The "public charge" doctrine has been a foundation of American immigration policy going back hundreds of years to colonial times. The notion is that immigrants who are unable to support themselves, thus becoming public charges, should not be admitted or permitted to remain. In 1996, Congress enacted a federal immigration law codifying the public charge principle, and it has remained on the books in the same form ever since.
So what do you call the Trump administration's plan to enforce that law? On Saturday's AM Joy, Democrat pollster and MSNBC contributor Fernand Amandi offered a crazy take: "This is a white-supremacist domestic terror campaign that is targeting people of color in the United States under the name of the United States government, where the casualties are now children and families."
Amandi, whose clients have included the Univision network and the Hillary Clinton presidential campaign, duly employed the left's buzzwords of the day when it comes to attacking President Trump: white supremacy and domestic terrorism.
Perhaps as remarkable as Amandi's absurd allegation was the opposing take of another MSNBCer, legal analyst Danny Cevallos. He actually defended the Trump administration's enforcement of the law. Cevallos made the unassailable observation that "the public charge rule has been around since 1882. It's been statutorily completely unchanged since 1996. The idea has been for well over 100 years that we don't want folks to come here if they're completely reliant on government assistance."
In attacking Cevallos's argument, former Obama aide Nayyera Haq somehow managed to drag in the assertion that "the Walmart family is making $4 million an hour, but Walmart associates are making $11 an hour." Well, that settles it: the Waltons are rich, so immigration laws shouldn't be enforced!
Cevallos retorted that people can be poor but self-sufficient, asking Haq what makes enforcement of the public charge rule wrong now, "whereas all those hundreds of years before, when we had the public charge rule, under both Democratic and Republican administrations, it was acceptable?" Haq sputtered something about administrative law being about discretion.
This isn't the first time that Cevallos has strayed from MSNBC's liberal party line. Earlier this year, we noted Cevallos asserting that Roe v. Wade is "ripe to be overturned" because the so-called right to privacy upon which it is based "does not exist." And back in April, Cevallos had the courage to defend Attorney General Barr's decision not to charge with terrorism the Coast Guardsman who had reportedly assembled a hit list of politicians and media members.
So how does Cevallos hang on at MSNBC while espousing such heretical opinions? It could be his polite and diplomatic manner in differing with his colleagues. You'll note that he said that he understood people's concerns on the issue, "particularly Fernand's." And Cevallos told Haq "I totally respect what you're saying" [eliciting a smile from her], before proceeding to demolish her argument.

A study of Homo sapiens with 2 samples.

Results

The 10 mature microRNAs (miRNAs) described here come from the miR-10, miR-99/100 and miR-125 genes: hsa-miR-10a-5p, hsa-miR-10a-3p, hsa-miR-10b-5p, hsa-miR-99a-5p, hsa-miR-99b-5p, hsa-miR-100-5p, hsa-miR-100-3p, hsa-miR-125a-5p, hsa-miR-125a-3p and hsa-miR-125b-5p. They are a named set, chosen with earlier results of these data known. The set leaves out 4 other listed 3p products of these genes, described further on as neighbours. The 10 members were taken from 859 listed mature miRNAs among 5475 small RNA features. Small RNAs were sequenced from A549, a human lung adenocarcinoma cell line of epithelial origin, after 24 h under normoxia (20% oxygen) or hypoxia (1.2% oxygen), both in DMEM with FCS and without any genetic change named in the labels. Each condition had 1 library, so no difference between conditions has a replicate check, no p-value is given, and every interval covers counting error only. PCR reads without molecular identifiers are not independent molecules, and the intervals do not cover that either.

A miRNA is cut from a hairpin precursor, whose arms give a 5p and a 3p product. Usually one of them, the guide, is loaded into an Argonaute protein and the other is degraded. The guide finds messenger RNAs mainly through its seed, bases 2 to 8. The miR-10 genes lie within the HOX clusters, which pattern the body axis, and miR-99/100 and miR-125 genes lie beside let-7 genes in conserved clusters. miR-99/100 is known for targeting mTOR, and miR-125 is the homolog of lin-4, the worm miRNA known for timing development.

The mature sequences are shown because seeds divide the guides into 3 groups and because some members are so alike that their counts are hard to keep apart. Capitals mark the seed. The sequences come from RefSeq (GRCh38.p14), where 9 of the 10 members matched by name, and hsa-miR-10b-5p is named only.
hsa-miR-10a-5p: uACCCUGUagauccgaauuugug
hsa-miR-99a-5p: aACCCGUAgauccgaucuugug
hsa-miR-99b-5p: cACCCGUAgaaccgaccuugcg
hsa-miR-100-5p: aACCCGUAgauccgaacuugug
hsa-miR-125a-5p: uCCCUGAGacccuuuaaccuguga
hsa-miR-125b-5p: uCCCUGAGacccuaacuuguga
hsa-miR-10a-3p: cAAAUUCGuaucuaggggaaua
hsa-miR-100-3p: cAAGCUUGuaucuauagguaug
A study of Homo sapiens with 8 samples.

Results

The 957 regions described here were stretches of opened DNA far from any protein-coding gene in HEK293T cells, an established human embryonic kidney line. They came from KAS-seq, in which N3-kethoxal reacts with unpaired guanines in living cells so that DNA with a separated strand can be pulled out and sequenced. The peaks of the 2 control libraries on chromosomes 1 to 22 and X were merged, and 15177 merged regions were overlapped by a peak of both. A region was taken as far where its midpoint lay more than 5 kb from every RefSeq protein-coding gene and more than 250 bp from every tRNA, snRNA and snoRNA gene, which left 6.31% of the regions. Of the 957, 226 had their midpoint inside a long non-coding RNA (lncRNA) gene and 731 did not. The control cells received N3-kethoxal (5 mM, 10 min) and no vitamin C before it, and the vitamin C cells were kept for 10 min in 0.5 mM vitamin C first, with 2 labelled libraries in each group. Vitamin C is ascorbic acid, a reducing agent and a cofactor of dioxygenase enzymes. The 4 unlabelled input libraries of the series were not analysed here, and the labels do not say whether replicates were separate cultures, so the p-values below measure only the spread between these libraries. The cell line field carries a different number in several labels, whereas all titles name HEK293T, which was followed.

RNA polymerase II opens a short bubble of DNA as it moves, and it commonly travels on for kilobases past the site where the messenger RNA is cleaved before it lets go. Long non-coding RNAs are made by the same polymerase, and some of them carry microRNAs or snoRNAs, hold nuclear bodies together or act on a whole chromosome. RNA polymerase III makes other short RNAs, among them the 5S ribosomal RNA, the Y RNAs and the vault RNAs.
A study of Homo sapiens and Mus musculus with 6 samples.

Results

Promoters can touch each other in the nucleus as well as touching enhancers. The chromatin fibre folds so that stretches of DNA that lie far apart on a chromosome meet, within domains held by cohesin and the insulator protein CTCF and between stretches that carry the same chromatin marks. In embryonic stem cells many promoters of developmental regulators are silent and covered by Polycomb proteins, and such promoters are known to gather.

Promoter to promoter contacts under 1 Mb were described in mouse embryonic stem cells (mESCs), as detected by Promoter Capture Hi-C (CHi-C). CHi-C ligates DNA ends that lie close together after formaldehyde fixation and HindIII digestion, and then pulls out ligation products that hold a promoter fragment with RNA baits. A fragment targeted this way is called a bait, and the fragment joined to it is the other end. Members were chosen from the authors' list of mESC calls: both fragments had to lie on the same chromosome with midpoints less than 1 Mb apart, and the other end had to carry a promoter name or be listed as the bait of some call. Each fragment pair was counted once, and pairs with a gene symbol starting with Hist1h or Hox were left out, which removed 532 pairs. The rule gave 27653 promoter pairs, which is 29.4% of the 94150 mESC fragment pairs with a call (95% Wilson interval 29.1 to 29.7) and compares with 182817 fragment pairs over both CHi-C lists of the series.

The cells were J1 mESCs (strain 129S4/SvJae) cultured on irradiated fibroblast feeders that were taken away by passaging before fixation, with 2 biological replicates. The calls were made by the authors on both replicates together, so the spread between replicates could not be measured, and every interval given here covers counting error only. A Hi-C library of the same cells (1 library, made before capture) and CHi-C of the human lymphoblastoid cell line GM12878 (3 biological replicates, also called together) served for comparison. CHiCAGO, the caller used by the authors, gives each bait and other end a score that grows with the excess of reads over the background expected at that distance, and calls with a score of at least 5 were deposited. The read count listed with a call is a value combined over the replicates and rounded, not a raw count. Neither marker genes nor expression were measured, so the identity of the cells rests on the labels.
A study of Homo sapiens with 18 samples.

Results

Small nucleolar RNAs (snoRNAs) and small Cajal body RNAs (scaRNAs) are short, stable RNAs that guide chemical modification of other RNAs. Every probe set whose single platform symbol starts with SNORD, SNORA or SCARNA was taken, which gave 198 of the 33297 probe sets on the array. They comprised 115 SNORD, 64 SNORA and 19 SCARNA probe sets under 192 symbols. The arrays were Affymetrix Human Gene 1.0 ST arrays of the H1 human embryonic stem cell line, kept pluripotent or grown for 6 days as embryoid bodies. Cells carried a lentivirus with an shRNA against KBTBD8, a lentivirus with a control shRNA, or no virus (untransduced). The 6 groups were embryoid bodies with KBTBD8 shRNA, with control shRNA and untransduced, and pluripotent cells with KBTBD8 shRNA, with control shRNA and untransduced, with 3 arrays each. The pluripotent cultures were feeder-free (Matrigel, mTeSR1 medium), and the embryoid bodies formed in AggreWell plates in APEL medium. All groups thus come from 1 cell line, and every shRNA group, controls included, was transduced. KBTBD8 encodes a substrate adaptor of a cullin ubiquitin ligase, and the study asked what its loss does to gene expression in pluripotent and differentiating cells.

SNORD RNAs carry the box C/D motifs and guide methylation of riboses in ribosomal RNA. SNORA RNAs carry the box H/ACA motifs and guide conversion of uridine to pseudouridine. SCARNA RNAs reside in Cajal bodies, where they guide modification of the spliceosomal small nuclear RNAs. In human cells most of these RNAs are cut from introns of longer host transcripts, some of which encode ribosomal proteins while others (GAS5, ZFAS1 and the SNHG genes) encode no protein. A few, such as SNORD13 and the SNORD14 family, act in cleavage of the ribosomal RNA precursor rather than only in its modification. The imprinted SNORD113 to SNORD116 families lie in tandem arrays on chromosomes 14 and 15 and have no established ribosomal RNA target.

Here's the transcript.
Joy Reid Show
10:20 am EDT
AYMAN MOHYELDIN [substitute-hosting for Reid]: California, the state with the largest population of immigrants, filed a federal lawsuit Friday hoping to derail the Trump administration's attempt to deny green cards and visa extensions to foreign nationals who use Medicaid, food stamps, or other public assistance. In reference to that sound bite we played from Ken Cucinellis, and the defense he has made that this was on the books through the public charge law. What do you make of the administration’s attempt to try and deny those who are in this country legally a path forward to citizenship, and even staying here, if they’re relying on government assistance?
FERNAND AMANDI: Ayman, let’s call it what it is. These are not good faith immigration policies that are being done to tackle a issue of national concern or crisis. This is a white-supremacist, domestic-terror campaign that is targeting people of color in the United States under the name of the United States government, where the casualties are now children and families.
DANNY CEVALLOS: And I understand people's concerns, especially Fernand's, but the public charge rule has been around since 1882. It’s been statutorily completely unchanged since 1996. The idea has been for well over 100 years that we don’t want folks to come here if they’re completely reliant on government assistance. So I guess, my question --
NAYYERA HAQ: But that’s where it gets confusing to people and I think it’s a very easy way to say public charge means you’re entirely dependent on government. When you look at, say, income inequality and you know that the Walmart family is making $4 million an hour but Walmart associates are making $11 an hour, that is working poor. Those might be people who have children who are US citizens who need that extra hand up to get by. So it’s the demonization of people who are poor who are working —
MOHYELDIN: I want to give Danny a chance to finish his thought: go ahead.
CEVALLOS: No, you're right. I totally respect what you’re saying. But the public charge rule is not about targeting the poor. It’s about focusing on self-sufficiency. One can be poor and self-sufficient. So I guess my question to you, Nayyera, is what about this change to the public charge rule makes it improper now whereas all those hundreds of years before when we had the public charge rule, under both Democratic and Republican administrations, it was acceptable?
HAQ: It's all about interpretation, right? You're a lawyer, I've been in government. And administrative law ends up being heavily based on discretion.